Camille Herron, who we all know by now has broken her own 100-mile record at age 40, was recently quoted as saying “Women ultra runners age like fine wine.” In the SW Missouri Ozark, where there is no shortage of female trail runners of all ages and abilities, a unique brand of girl gang is taking that sentiment to heart and using it to navigate the furious 50’s and beyond. Tackling everything from menopause to parenting adult children, caring for aging relatives, and managing their own injuries and health challenges, the OSBs (Old Slow Broads) are taking it to the trail and embracing the joy in the journey, at any pace.
“The essence of an OSB is being true to who you are, knowing you’re worth through yourself and loving yourself exactly where you are right now.” says Cindy, 54, a rancher who has completed up to 100k with her faithful dog Miles. Cindy recently underwent a complete meniscus reconstruction that failed to slow her down much. While recovering, she spent many long hours volunteering at races around the region. Don’t ask her opinion if you don’t really want it. She is honest, irreverent, and as salt-of-the-earth as they come. “A lot of runners say they’re old and slow as they leave you in the dust… we really are, and we don’t give a f*&k. We embrace it and enjoy the ride.”
Stephanie, 52, agrees. “My father-in-law used to say, “every day is a good day”, no matter what trials he was facing, and there were many. Our happy place is on the trails with our best friends. We can crush some miles; we just take longer doing it. We’re slow but we’ll stay out there all day and sometimes all night. Races are fun, but the best time is when we’re not chasing any cut-off but our own.”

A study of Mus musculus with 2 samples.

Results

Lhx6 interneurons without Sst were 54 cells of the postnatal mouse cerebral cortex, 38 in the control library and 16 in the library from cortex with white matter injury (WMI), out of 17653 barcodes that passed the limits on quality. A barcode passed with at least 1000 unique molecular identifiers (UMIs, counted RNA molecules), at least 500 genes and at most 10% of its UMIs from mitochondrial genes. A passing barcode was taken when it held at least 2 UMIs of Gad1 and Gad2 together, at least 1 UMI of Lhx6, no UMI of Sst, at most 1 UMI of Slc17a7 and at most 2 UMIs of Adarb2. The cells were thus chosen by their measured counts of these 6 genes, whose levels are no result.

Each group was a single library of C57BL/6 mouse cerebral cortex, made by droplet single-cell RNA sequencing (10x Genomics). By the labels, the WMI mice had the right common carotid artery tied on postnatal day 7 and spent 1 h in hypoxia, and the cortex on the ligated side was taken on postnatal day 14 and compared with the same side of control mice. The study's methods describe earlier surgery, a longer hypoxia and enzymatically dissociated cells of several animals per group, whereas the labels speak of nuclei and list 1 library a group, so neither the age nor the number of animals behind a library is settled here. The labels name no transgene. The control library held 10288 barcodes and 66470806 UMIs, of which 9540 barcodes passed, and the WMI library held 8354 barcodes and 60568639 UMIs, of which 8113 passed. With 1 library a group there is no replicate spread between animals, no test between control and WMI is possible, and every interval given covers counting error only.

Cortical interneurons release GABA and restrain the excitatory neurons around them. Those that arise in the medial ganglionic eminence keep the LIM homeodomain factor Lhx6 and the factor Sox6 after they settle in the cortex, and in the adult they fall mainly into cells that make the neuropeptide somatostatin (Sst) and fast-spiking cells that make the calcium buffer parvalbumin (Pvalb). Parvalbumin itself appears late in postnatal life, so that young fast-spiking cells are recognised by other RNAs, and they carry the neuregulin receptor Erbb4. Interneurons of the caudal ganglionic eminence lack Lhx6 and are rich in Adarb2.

Adventure is the name of their game. There is rarely a new trail explored that doesn’t involve some level of navigation malfunction or other self-imposed shenanigans. Karen, 55, who in her time off trail is heavily active in CrossFit and fostering rescue dogs (and has 6 of her own), has coined the group’s motto, “we won’t die–probably”. Karen is often the steadfast, level-headed voice of reason of the four, attributes that have on more than one occasion proven essential.“
It’s about giving each other encouragement to step out of our comfort zones, to do things you didn’t think you could. It’s about knowing when we fail, we succeed because we have each other. It’s about a common love of the trail and running in whatever form that takes for each of us.”
Angie, 51, echoes these sentiments. Newly widowed, she discovered in early 2021 that she would have to undergo double mastectomy, breast reconstruction and hysterectomy due to testing positive for the BRCA1 gene, all without the love of her life and husband of 27 years there to support her. The OSB tribe has meant the world to her during these trials. “We are sisters who aren’t sisters, but love and care for each other like we are blood, challenging each other just to keep moving forward and enjoy life.” she says.
Enjoying life is exactly what the girls have planned for this year. The highlight being an extended trip through Wyoming, Idaho and Montana. In June to fast-pack part of the CDT through the Wind River Range and to participate in the River of No Return race in Challis, ID. Local races will fill the rest of the year either running or volunteering, but the four are not short on big goals. They all have ultras planned for fall and are planning on completing the Grandmasters 100 together next February. “I’ve heard a lot of people say that making friends is more difficult the older you get,” says Stephanie. “To them I would say, keep trying! Don’t ever let age be a limiting factor in anything you do. You never know–the best friends you’ve ever had in your life may be out there waiting to be found, and they will make your life and your heart full. This I know.”